Unity rally held in Long Beach after Pride lifeguard tower destroyed in fire

A unity rally was held in Long Beach Wednesday following a fire that destroyed the Pride Lifeguard Tower.

The fire, which sparked around midnight on Tuesday, burned down the lifeguard tower that was painted in rainbow colors for Pride Month in 2020.

"I think what's really important is that people realize that this was absolutely an act of hate and this community is so progressive when it comes to gay rights that folks come out and say they're going to support gay people," said Long Beach Mayor Robert Garcia.

Garcia said the towers are at times occupied by other people.

"Folks will come to the towers. It might be people experiencing homelesness or young kids playing at a lifeguard tower at night," he said.

However, the towers have not been burned in a fire in decades.

"We know that a lifeguard tower hasn't burned down in at least 70 years, since the 1950s in Long Beach. They're very hard to burn down. This tower just got painted a year ago in pride colors. For the one tower that was painted in rainbow to burn in over 70 years, there's no question that was intentional. It was not coincidental and that's what people are rallying around," said Garcia.

The Pride lifeguard tower was painted by LGBTQ+ lifeguards including Jeremy Rocha, a lifeguard for the Long Beach Fire Department for five years.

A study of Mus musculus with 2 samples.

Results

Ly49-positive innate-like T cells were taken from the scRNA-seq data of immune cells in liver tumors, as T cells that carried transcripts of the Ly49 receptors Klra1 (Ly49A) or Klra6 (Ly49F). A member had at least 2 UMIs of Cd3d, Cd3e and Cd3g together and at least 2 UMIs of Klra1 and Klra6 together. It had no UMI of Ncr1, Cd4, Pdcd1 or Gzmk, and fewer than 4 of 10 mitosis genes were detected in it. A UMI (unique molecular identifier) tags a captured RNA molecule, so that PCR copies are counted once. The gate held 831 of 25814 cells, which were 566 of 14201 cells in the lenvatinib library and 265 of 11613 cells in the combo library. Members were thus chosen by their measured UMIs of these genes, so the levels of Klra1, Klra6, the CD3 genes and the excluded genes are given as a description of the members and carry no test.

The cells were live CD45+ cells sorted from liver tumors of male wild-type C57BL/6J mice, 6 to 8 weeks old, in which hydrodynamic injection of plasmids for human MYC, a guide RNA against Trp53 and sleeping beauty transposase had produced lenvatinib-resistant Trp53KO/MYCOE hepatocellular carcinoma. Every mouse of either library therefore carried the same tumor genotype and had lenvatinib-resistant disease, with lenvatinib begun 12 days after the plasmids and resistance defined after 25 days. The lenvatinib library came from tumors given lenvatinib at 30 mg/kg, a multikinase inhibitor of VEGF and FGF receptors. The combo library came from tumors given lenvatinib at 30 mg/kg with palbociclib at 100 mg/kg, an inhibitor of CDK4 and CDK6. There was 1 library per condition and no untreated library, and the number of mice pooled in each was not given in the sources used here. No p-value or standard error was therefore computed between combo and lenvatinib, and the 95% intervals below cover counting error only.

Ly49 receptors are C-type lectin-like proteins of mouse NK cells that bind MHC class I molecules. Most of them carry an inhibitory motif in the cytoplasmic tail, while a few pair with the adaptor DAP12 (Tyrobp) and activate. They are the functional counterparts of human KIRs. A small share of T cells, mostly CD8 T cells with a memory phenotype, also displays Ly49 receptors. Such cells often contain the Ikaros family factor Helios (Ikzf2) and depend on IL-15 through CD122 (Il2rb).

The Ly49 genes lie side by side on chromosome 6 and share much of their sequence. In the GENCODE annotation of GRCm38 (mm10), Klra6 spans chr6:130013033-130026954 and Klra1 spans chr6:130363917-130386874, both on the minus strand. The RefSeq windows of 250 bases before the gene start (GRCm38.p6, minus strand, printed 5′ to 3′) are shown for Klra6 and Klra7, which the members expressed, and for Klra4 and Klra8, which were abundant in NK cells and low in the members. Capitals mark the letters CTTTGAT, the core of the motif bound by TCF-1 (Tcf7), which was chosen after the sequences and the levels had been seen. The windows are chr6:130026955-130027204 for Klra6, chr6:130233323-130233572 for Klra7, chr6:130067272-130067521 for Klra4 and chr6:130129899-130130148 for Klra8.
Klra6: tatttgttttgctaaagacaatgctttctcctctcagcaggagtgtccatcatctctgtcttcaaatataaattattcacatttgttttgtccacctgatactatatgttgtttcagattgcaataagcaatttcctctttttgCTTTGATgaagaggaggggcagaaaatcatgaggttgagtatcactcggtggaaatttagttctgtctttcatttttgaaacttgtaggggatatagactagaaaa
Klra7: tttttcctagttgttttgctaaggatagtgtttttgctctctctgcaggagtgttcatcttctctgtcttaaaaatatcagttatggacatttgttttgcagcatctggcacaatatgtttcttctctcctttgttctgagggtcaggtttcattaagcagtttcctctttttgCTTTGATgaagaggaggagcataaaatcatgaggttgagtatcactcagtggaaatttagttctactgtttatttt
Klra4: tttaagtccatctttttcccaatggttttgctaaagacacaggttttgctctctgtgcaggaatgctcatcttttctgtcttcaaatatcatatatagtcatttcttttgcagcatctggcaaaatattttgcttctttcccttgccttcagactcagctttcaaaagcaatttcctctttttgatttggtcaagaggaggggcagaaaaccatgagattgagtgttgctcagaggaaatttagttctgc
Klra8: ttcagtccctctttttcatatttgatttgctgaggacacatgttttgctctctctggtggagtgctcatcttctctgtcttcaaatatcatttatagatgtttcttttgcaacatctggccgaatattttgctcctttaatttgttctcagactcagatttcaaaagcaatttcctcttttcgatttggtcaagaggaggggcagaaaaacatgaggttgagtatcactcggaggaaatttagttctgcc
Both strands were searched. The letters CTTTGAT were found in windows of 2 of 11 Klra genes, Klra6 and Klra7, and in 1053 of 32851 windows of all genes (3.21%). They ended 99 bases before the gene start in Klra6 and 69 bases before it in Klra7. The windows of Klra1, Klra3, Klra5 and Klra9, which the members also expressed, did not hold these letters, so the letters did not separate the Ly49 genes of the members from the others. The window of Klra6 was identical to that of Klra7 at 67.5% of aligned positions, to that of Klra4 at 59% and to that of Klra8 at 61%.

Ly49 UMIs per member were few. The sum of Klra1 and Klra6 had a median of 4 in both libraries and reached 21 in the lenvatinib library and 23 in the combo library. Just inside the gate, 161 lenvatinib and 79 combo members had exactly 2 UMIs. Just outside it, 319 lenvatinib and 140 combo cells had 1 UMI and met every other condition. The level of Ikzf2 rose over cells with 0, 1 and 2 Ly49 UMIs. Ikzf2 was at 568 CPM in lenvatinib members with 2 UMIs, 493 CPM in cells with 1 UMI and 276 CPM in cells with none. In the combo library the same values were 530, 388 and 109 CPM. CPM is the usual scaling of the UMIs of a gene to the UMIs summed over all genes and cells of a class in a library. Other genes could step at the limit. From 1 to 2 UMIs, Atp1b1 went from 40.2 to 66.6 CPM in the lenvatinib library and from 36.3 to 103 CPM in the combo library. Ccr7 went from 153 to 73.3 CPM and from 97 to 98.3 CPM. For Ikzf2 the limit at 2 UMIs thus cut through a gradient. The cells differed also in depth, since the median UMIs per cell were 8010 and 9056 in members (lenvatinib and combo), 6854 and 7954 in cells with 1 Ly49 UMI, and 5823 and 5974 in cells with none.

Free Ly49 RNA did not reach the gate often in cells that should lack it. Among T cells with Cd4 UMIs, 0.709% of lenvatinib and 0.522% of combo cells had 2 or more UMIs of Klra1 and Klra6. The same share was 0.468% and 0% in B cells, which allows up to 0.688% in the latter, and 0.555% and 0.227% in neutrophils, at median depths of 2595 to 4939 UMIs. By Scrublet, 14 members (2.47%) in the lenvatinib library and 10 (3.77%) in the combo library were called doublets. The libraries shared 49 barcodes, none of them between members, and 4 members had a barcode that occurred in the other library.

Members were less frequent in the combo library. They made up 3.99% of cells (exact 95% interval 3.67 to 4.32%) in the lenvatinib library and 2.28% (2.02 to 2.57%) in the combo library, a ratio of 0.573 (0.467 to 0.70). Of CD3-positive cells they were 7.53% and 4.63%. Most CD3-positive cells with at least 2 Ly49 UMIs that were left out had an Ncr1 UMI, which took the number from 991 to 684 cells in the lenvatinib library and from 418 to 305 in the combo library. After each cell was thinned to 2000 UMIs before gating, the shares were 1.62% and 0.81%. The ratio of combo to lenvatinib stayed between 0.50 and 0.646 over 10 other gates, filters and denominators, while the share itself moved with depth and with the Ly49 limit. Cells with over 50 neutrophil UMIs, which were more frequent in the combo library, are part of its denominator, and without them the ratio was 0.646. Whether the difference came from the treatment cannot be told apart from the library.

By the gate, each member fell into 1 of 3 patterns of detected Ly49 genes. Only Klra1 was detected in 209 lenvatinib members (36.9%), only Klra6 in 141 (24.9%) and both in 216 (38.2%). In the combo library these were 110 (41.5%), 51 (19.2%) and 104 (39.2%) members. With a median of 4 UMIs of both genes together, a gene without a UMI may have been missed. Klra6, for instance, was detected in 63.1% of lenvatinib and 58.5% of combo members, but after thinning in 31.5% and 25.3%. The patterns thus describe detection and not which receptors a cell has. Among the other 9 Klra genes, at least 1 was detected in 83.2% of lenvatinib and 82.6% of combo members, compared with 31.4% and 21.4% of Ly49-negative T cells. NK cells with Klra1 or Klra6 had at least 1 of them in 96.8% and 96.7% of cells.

"Me and a few other lifeguards were on the team that helped paint this station as well as design it," he said.

When Rocha found out about the tower, he was very emotional.

"Obviously I cried. I was pretty emotional with what had happened and I just couldn't fathom the fact that it had burned so I actually drove down and to see it in real life. It was just horrific. It's hard to really take into consideration that somebody would vandalize such a monument for inclusivity and cohesiveness and equality," said Rocha.

City officials plan to rebuild the tower by Pride Month in June of this year.

"We're gonna rebuild it. I've been saying we're going to rebuild it bigger and gayer than ever," said Garcia.

Rocha has some ideas on how to include symbols of trans rights and other minorities too.

"I definitely would love to incorporate more colors with the other flags we have here. I believe that trans rights are a big thing. I believe that maybe doing something with the Black Lives Matter movement and other stuff like that to show that we are not just a community that looks out for ourselves but we look out for all minorities, everybody who is being challenged," said Rocha.

Speakers at the rally included Councilwoman Cindy Allen, Carlos Torres, the Executive Director of the LGBTQ Center in Long Beach, Angel Macias, the Founder and CEO of California Families in Focus, and Gonzalo Medina, the Marine Safety Chief for the Long Beach Fire Department.